The Government Plan to Crackdown on Unfair Tipping Practices

Unfair Tipping Practices

With over 150,000 businesses operating within the hospitality and leisure sectors, it is no surprise that tipping is considered an essential source of income for these businesses. However, the debate on who should be receiving these tips is increasingly being discussed: the 2million UK workers who service the UK or their employers?

On 2 May 2016, the Business Secretary announced plans to review the process of tipping in order to increase transparency for consumers and promote ‘fairness’ for employees. This announcement was initiated following a consultation last year that Called for Evidence on the tipping practice in the hospitality and leisure industries. The consultation indicated that 100% of tips should be paid directly to employees, 84% of employees wanted all tips either going to the employee or to be shared in a tronc without any employer control.

Consequently, the government agreed that an intervention was needed and launched a second consultation, which outlined several proposals to be put forward. The proposals included updating the Voluntary Code of Practice, preventing deductions in discretionary payments and increasing transparency for customers so they can see and suggest how their tips should be distributed.  The Voluntary Code of Practice is not mandatory; however, a legal consideration may be made due to suggestions made by the sector, including the British Hospitality Association (BHA). What is more, the government will look into businesses implementing a well incentivised tronc system and whether there should be a ban on levying table sales charges on employees.

Change your Tipping Process
The government is on a mission to tackle poor and unfair tipping practices; therefore, ensure that you have a tipping process in place that benefits both you and your employees. For smaller businesses, discretionary payments contribute massively to not only your employee’s upkeep, but also the sustainability of your business.  Allowing your employees to keep tips could be a viable option and help to improve productivity and increase morale amongst the team. What is more, you may not need to increase salaries if this works well.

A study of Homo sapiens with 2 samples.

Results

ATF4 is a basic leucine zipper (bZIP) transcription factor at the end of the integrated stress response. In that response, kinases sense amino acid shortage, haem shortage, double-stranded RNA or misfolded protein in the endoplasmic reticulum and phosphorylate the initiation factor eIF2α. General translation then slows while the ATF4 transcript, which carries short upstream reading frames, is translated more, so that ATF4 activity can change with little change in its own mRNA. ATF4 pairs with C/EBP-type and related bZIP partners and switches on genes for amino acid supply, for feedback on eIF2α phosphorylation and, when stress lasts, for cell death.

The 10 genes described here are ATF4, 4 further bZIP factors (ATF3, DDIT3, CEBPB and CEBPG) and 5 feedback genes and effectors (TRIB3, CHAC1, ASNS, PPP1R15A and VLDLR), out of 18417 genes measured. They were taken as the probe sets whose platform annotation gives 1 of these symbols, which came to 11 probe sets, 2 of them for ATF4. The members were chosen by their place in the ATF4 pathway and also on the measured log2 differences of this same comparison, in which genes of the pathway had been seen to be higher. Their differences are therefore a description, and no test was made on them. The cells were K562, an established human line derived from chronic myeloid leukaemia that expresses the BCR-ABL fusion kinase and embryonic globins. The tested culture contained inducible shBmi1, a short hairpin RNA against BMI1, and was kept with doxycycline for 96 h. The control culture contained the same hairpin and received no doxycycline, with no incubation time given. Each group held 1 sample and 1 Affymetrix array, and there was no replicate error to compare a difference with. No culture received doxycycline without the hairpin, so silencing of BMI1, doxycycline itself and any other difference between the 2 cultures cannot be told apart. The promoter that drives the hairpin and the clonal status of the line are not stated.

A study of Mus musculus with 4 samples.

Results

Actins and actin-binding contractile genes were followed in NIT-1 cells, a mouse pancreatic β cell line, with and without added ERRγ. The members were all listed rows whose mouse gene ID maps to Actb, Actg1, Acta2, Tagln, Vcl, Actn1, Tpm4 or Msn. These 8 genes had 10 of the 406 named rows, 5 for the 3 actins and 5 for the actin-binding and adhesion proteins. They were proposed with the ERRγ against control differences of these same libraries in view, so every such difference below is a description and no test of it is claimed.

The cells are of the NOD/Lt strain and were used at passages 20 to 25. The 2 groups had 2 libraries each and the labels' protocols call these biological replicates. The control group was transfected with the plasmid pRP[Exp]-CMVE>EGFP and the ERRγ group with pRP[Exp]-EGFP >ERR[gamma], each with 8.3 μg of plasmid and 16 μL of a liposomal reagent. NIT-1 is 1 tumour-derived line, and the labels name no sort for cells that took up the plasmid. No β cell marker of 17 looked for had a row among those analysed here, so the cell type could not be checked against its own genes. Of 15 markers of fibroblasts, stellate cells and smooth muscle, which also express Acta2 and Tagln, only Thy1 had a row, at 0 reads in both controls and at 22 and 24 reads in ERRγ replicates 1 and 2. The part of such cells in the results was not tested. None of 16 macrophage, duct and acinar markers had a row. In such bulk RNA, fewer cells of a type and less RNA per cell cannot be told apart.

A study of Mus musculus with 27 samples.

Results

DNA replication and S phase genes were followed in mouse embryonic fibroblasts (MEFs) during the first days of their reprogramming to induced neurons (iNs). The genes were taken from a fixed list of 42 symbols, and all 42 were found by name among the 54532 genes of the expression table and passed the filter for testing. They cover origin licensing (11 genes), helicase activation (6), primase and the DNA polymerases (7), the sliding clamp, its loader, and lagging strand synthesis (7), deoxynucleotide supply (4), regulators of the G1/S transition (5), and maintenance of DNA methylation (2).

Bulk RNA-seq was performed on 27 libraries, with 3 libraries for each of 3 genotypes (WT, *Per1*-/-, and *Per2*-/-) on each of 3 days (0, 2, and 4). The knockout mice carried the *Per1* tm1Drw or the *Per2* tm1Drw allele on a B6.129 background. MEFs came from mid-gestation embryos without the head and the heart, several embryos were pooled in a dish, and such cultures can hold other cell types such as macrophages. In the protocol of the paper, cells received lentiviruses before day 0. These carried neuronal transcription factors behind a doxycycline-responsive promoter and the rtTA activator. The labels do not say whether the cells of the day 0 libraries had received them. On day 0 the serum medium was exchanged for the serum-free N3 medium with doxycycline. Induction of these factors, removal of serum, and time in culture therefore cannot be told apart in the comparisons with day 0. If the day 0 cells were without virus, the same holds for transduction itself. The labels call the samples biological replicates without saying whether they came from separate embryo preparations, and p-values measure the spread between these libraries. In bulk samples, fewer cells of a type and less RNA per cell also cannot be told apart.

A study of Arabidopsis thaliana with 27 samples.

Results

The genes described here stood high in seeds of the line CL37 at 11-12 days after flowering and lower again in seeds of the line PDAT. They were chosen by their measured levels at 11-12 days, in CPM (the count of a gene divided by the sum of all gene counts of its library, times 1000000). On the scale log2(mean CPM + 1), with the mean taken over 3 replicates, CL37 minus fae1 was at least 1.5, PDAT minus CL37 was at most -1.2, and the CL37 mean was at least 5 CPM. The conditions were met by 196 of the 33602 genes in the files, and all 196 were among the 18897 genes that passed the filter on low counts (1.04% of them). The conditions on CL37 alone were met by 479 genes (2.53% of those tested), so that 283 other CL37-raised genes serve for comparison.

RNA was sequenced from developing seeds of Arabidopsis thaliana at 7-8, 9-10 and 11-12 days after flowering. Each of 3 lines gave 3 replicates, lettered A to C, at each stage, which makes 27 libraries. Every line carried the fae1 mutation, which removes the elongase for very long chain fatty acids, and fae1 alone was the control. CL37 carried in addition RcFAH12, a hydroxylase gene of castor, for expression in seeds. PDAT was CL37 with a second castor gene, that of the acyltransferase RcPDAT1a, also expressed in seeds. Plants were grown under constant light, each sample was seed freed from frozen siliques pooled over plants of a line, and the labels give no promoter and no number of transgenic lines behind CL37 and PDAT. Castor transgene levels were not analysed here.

There are several ways to collect tips, but whichever way you choose, you must make sure that it is done fairly and your employees and customers have a clear understanding about where their tips are going. Below are a few options:

  • Service charge: The company will always collect and distribute service charge money accordingly to employees. This will then be split respectively amongst the employees and company.

 For cash tips:

  • Allow employees to keep 100% of the tips: Employers have no control over this and employees keep every tip they receive.
  • Tronc: Informally distributed: A tronc machine where tips are shared out by one of your employees
  • Tronc and Troncmaster: Formally distributed: a tronc machine is used, however there is a Troncmaster who is solely responsible for the distribution of the money, which is shared more formally to employees.
    If you would like guidance on this, our “Gratuities, Tips and Service Charge: Is VAT, Tax and NIC Payable?may be helpful or contact me directly at adam@raffingers.co.uk.

The closing date for the consultation is 27 June 2016. Following which the government will publish a summary of the responses and the plans moving forward, which we will endeavour to keep you updated on.